At what point are you so over men’s bullshit that you have to write a song about it?


[CW: sexual violence] The thing about being a woman, trans or otherwise, is that there's generally no straw that breaks the camel's back when it comes to men. Just as there's no "aha" moment for when you decide to hate other nuisances like middle school or hormonal acne or Crocs, there's certainly no point at which your distaste for men defines itself. I've been sexually assaulted, catcalled, harassed, talked over, cheated on, ghosted, patronized, invalidated, and erased by men. There was no moment when I yelled "fuck men!" but rather a slow, steady build—a tonal shift.


In reality this song was borne out of needing a button for this EP, as it didn't quite feel "done" artistically. I'd written a slew of misandry-lite songs and figured why the hell not get straight to the point? I thought, "Sure. I'll go there."


Could you tell me a little bit about the importance and inspiration behind your new EP?


Part of me wants to be mysterious about where this EP came from emotionally, physically, and spiritually. But the truth is my favorite artists are generally the ones with the least to hide, and I've been hidden for too long anyway. My primary musical influence is Amy Winehouse, whose middle name is Jade. I named this EP Jade after her because these were the first songs I wrote from a deliberately female headspace. At first, [Jade] felt almost like an alter ego until I figured out it was just me. I had a realization that the songs I write that sound too masculine (whatever that may actually mean) are the ones I care about the least. I told my producer and collaborator Theodore that I need to write as a woman to feel honest. Little did he or I know that I would begin transitioning shortly thereafter—just a wild guess, but I think they may have been correlated.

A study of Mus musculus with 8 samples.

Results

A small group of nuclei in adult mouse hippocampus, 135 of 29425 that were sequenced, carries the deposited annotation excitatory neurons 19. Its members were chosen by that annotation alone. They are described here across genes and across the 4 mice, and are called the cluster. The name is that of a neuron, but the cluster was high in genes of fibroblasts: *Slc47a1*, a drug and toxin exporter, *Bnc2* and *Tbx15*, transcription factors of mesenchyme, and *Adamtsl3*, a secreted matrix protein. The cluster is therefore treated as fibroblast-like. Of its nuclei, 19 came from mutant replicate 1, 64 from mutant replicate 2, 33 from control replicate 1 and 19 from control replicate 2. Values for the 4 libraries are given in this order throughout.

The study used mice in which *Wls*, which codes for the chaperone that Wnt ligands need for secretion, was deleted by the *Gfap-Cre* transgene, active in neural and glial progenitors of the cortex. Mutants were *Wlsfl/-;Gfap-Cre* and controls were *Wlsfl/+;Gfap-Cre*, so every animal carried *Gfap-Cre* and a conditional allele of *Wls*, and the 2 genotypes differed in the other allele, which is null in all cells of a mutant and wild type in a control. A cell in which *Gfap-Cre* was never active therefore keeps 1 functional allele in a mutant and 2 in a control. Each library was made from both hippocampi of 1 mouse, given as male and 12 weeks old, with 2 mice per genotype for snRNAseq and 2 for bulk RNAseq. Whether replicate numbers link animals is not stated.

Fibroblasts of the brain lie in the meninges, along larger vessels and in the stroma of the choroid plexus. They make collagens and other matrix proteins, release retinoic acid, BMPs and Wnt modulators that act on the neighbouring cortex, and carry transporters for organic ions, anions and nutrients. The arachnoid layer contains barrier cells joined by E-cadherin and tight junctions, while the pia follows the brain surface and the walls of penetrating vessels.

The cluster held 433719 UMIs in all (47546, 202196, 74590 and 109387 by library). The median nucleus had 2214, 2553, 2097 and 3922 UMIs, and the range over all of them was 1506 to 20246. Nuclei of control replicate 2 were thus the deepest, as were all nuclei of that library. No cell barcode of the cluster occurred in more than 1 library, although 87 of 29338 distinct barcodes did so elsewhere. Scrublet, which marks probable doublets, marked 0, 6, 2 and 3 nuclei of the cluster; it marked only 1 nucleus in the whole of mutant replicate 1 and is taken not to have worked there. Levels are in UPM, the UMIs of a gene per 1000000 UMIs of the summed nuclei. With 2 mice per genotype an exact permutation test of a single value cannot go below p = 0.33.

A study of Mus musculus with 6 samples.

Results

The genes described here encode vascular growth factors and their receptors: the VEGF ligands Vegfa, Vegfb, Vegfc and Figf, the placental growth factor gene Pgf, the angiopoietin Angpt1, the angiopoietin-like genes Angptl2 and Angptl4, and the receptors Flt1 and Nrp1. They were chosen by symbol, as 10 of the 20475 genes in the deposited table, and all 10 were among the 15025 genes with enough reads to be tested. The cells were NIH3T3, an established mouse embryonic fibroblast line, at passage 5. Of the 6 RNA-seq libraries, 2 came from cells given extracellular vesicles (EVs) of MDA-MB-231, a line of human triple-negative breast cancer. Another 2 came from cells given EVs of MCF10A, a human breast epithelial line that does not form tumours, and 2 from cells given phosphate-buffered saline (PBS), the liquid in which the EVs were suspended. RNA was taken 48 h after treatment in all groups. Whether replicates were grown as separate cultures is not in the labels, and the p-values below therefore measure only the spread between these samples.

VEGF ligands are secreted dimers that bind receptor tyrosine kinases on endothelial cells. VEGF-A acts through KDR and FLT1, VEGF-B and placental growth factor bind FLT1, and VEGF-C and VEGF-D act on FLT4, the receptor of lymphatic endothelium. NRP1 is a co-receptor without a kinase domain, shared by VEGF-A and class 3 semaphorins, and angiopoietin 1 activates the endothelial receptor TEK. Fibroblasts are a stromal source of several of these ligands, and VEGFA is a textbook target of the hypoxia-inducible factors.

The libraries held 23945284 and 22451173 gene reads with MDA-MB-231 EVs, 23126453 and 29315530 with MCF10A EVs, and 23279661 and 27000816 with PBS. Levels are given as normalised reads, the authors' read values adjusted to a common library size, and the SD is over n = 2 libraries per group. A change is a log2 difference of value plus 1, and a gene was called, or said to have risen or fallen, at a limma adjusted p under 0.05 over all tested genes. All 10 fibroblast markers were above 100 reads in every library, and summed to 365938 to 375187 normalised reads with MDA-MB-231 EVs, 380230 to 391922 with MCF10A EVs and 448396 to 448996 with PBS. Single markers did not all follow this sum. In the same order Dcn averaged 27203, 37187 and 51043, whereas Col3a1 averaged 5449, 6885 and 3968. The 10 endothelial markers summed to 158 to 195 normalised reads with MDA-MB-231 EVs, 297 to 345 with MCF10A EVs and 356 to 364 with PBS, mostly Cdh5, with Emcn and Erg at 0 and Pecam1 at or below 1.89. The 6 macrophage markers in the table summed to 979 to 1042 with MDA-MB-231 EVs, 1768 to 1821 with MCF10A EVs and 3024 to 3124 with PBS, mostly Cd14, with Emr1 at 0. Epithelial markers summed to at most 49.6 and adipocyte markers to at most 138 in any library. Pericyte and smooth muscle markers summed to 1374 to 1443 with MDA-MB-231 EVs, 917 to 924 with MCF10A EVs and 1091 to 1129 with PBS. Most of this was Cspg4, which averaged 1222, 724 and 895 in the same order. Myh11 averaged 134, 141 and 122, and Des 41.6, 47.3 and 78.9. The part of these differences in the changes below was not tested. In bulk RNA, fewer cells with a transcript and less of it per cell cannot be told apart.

In other words, the project is an homage to my most important female influences, both musically and visually. A large part of being trans—for me at least—is collecting figureheads from whom you source your femininity. I want Amy's ability to be frank and cheeky; I want Sia's joviality and force, Adele's sincerity, Erykah's self-sufficiency, Lorde's lyricism. These women are where I come from, so I owe it to them.